Western leaders have effectively embraced Ukrainian nazism

10:57 15.07.2023 •

Ukraine has deep roots in Naziism, a relationship Ukraine celebrates to this day, stresses ‘The American Thinker’.

During the Holocaust, approximately 800,000 Ukrainian Jews were murdered, many by their fellow countrymen who saw the Nazis as ‘liberators from Soviet oppression’. To this day, with all that is known about Soviet Russia and Nazi Germany, many Ukrainians still view the Nazis as liberators.

The Soviet Union may be gone, but Ukrainian and Western leaders have channeled hatred once reserved for the Soviet Union has been channeled into hatred for Russia. As part of this anti-Russian mindset, Western leaders and their loyal press corps have helped legitimize Nazism by willfully ignoring the fact that they bankroll a Nazi army that fights the Russians.

Politically, Ukraine has had a strong mix of ethnic Ukrainians and Russians. There were always tensions, but the current instability resulted from Western interference, especially from America and England. When Victoria Nuland orchestrated a 2014 coup against the legitimate government led by ethnic Russian Viktor Yanukovych, that unleashed the powerful Nazi element that had lain dormant for so long in Ukraine.

The first evidence of a Nazi resurgence occurred just after the 2014 coup. To deal with protesters, the government unleashed their Nazi Azov militia (banned in Russia). The militia was called in because Ukraine military regulars would not do what the Azov did.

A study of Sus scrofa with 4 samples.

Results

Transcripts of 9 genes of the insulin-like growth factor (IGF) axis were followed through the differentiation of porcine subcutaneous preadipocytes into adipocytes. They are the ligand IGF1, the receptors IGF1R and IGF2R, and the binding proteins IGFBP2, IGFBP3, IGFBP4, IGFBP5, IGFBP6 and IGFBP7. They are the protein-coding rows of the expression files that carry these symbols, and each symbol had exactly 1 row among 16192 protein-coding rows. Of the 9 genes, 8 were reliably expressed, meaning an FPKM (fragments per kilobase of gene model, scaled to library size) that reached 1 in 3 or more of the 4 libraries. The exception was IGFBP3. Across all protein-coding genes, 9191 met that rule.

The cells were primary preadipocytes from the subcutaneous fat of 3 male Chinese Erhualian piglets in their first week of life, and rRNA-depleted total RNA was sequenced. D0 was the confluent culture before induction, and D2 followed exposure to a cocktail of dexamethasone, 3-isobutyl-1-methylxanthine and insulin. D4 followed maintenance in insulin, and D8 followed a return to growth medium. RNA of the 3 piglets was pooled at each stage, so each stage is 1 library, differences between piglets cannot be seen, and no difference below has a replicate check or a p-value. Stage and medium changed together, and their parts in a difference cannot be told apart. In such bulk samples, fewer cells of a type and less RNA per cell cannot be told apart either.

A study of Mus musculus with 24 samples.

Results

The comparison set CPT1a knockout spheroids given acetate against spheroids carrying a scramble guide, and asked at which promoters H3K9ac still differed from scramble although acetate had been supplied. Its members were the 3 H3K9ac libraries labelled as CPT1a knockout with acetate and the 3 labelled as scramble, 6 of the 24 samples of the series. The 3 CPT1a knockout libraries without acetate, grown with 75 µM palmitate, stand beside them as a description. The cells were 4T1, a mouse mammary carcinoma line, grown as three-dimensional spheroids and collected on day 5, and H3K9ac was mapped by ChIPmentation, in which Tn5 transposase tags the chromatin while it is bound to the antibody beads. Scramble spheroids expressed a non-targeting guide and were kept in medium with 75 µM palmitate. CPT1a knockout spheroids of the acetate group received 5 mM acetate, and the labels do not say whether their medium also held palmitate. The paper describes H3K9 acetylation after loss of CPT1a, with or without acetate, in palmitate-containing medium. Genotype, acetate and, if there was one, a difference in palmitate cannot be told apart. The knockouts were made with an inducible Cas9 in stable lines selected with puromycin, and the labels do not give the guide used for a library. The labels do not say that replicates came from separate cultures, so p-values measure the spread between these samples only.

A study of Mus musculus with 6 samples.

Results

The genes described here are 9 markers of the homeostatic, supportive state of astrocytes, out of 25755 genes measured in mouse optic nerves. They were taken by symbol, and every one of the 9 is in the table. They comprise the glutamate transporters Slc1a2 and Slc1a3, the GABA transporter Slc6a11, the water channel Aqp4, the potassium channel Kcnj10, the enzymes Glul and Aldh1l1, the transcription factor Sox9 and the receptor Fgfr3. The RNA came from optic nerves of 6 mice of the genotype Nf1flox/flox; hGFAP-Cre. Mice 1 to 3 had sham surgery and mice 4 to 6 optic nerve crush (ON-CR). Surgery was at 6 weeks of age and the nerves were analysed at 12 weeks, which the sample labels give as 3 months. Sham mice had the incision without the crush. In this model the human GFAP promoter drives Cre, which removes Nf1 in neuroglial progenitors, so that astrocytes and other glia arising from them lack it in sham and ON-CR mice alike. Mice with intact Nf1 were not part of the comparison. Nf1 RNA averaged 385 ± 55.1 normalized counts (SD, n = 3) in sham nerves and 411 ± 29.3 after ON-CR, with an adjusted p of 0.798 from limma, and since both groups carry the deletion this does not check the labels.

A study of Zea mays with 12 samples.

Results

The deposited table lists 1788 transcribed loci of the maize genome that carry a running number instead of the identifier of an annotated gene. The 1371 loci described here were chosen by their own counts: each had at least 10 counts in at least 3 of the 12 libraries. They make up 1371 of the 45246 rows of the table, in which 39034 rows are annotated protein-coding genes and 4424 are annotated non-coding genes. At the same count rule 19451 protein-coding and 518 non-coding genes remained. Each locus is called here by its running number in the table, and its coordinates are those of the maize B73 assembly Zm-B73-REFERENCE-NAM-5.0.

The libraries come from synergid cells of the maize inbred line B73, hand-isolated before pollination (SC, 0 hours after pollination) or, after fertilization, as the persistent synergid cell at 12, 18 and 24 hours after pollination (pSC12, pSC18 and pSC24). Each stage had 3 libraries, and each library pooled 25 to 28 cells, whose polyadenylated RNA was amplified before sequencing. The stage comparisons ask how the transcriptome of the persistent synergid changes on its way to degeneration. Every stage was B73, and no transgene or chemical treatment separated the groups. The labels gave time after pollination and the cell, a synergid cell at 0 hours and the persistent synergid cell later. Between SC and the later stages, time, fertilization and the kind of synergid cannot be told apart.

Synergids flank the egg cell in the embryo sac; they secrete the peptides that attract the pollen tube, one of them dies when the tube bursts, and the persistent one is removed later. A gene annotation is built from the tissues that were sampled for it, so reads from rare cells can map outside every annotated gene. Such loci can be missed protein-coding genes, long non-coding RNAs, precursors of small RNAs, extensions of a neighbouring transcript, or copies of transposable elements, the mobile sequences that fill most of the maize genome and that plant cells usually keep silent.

Writing at Consortium News in May 2014, Robert Parry recounted the roundup of ethnic Russians who were protesting the overthrow of the Yanukovych government. According to Parry, on May 2, in the port city of Odessa, the Azov militia herded the Russians into buildings that were then set ablaze, killing 40 people. Afterward, reporters spotted graffiti on walls with Swastika-like symbols honoring the “Galician SS,” the Ukrainian adjunct to the German SS in World War II. The Azov military repeated this barbaric action on May 9 in Mariupol, another port city.

In 2016, Kiev, Ukraine’s capital city, renamed two streets in honor of Stepan Bandera and Roman Shukhevych. Both men were among numerous Ukrainians who collaborated with the Nazis, including volunteering with the SS. Bandera and Shukhevych were complicit in the mass murderers of Jews and Poles but are celebrated as anti-communist heroes in Ukraine.

In 2018 in Lviv, hundreds of men wearing the SS uniforms of Ukrainian collaborators marched in a city-approved event. At least three Ukrainian municipalities in recent years have unveiled statues for Bandera’s deputy, Yaroslav Stetsko. During the Holocaust, Stetsko openly called for “the extermination of the Jews.”

In any event, Ukrainian Nazism is no secret. Western leaders are aware of it. When Fox News’s Bret Baier questioned Zelensky about the Azov Battalion, Zelensky simply said, “They are what they are.” According to the Conservative Treehouse, Fox later edited out this portion of the interview.

Looking at events in America and Europe, we see an ever-increasing tendency towards authoritarianism among Western leaders. This may explain their affinity for Ukrainian Nazism. These so-called leaders see nothing wrong with genocide if it produces the desired results.